The inadequacy of mice and other animals to serve as stand-ins for humans is no secret. This inadequacy—and the subsequent need to develop human-relevant alternatives—drives NAVS’ investment in early career researchers through the International Foundation for Ethical Research (IFER).
The failure of mouse models is now being recognized among researchers striving to find a cure for Alzheimer’s disease, the sixth leading cause of death in the United States. Alzheimer’s is the most common form of dementia, affecting memory, thinking and behavior. According to the Alzheimer’s Association, approximately 5.7 million Americans currently suffer from Alzheimer’s disease, and numbers are expected to grow.
Billions of dollars and decades of research dedicated to Alzheimer’s disease have failed to produce a successful treatment, and many researchers have attributed this failure to heavy reliance on mouse models of the disease. Many of these models were mice that were genetically modified to express genes associated with Alzheimer’s disease but failed to mimic many of the key aspects of the human condition.
According to Dr. Bruce Lamb, neuroscientist at Indiana University, “We appreciate that the models we had were insufficient. I think it’s sort of at a critical juncture now.”
While recognition of these limitations has led some researchers to devote their resources into the development of more human-relevant models of Alzheimer’s disease, including researchers that NAVS funds through IFER, others in the scientific community are opting to develop even more animal models of the condition.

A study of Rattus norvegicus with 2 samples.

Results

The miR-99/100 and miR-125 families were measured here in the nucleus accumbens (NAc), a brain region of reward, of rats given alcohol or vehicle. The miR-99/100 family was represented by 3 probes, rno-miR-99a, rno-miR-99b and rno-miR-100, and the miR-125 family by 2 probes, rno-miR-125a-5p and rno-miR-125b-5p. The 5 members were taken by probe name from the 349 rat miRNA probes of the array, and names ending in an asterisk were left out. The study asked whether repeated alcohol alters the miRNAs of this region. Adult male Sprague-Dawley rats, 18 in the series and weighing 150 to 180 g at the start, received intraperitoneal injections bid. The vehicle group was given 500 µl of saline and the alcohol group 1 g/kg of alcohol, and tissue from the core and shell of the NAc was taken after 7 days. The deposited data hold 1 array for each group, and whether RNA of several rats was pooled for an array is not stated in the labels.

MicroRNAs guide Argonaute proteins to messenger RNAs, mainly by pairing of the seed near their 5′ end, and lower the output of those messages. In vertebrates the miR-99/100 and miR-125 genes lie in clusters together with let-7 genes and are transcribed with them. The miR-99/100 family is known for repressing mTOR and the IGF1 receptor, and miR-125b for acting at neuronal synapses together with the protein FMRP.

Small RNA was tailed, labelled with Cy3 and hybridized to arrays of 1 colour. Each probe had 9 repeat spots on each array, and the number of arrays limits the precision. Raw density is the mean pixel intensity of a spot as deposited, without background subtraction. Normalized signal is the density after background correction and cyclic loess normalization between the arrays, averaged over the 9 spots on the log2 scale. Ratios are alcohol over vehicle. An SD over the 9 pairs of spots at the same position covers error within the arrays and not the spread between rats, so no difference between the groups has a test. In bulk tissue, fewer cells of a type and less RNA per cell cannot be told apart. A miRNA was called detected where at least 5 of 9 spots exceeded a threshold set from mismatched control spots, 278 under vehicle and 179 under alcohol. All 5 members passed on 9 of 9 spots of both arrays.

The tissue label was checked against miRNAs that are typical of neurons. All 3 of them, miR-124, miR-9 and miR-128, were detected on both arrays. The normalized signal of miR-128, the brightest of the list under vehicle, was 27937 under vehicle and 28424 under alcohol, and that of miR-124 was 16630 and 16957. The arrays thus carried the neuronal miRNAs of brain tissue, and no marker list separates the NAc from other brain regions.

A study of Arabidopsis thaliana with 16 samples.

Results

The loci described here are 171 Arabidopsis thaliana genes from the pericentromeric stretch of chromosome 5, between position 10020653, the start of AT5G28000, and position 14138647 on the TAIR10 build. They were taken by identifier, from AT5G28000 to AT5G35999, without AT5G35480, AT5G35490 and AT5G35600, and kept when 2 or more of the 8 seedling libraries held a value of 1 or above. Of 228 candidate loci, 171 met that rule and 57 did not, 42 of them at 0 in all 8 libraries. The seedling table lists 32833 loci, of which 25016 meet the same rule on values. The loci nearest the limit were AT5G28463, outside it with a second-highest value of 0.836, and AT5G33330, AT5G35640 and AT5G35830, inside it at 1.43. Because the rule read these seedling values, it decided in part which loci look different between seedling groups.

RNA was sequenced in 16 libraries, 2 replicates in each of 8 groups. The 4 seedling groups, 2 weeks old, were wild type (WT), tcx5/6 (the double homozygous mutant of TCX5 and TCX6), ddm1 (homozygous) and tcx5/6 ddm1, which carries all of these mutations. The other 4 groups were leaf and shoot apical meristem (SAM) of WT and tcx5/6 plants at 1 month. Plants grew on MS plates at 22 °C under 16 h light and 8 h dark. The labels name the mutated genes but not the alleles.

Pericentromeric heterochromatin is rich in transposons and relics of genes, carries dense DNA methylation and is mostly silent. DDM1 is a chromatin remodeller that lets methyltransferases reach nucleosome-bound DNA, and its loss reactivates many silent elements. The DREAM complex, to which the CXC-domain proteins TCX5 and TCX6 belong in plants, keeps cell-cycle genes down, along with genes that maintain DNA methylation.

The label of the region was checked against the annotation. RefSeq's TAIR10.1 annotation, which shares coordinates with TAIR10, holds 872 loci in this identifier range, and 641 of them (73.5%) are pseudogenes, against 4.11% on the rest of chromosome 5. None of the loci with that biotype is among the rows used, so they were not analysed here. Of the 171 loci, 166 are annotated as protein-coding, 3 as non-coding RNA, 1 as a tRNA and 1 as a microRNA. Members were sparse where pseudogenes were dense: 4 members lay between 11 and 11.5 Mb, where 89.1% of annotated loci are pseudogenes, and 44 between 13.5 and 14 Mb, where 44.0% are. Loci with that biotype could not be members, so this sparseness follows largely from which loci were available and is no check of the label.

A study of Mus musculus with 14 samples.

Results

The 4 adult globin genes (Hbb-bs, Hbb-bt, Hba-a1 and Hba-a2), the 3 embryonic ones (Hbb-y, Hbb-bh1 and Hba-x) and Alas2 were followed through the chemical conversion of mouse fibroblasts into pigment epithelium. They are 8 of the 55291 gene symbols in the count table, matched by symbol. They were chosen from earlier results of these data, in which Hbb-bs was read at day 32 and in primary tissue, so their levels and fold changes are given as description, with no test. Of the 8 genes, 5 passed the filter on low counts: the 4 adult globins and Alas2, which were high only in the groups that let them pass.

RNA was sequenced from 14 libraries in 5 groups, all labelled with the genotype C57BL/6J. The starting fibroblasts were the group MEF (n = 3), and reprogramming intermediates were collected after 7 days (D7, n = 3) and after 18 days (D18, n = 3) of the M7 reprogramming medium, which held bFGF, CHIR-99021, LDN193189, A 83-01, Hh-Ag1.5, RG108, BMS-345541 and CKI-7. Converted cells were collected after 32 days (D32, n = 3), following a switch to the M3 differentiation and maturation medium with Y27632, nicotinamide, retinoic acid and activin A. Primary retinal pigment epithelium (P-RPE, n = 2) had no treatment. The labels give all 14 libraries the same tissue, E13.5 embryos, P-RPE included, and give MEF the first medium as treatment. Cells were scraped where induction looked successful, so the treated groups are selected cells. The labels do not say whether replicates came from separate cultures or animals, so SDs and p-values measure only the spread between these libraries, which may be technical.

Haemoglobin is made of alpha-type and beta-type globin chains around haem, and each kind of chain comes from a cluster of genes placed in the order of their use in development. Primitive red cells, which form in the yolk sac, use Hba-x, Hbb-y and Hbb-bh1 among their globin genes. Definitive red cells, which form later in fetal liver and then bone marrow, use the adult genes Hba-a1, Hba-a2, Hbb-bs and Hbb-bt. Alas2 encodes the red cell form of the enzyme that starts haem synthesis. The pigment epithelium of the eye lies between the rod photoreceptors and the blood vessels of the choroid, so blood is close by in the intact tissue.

According to a recent Nature article, some researchers in the Alzheimer’s field are interested in moving away from inbred lab mice and believe that using mice with more genetic diversity would strengthen the animal models of the disease. There is also a consortium initiated by the National Institutes of Health to make more Alzheimer’s mouse models as research tools for the scientific community by focusing on genetic mutations implicated in both the early- and late-onset forms of the disease. About thirty such mouse varieties have been developed through this initiative.
Given the historical failure of mouse models of Alzheimer’s disease, it is disappointing to see more time and taxpayer money being used to fund these initiatives. Mouse models of Alzheimer’s disease do not work. As Dr. Bart de Strooper of the Catholic University of Leuven in Belgium stated, “The biggest mistake you can make is to think you can ever have a mouse with Alzheimer’s disease.”
The time and money that are being invested in Alzheimer’s research should be directed toward more human-relevant research. Advances in stem cell technologies have given researchers the ability to derive neurons from human induced pluripotent stems cells from patients with Alzheimer’s and individuals without dementia, which serve as useful and human-relevant models for disease modeling and preclinical drug discovery and development.
Use of these models has already provided valuable insight into the biological changes that take place within neurons in individuals with Alzheimer’s to help explain how the disease develops and progresses. These approaches offer many advantages over animal models used to study the disease—including human-relevance and improved recapitulation of disease pathology—while producing results more quickly, cheaply and humanely than animal models.
Science First will not be published on December 24th and 31st. We will return on Monday, January 7th, 2019. Happy Holidays!
Source: Reardon, S. “Alzheimer’s researchers seek better mice,” Nature, November 29, 2018.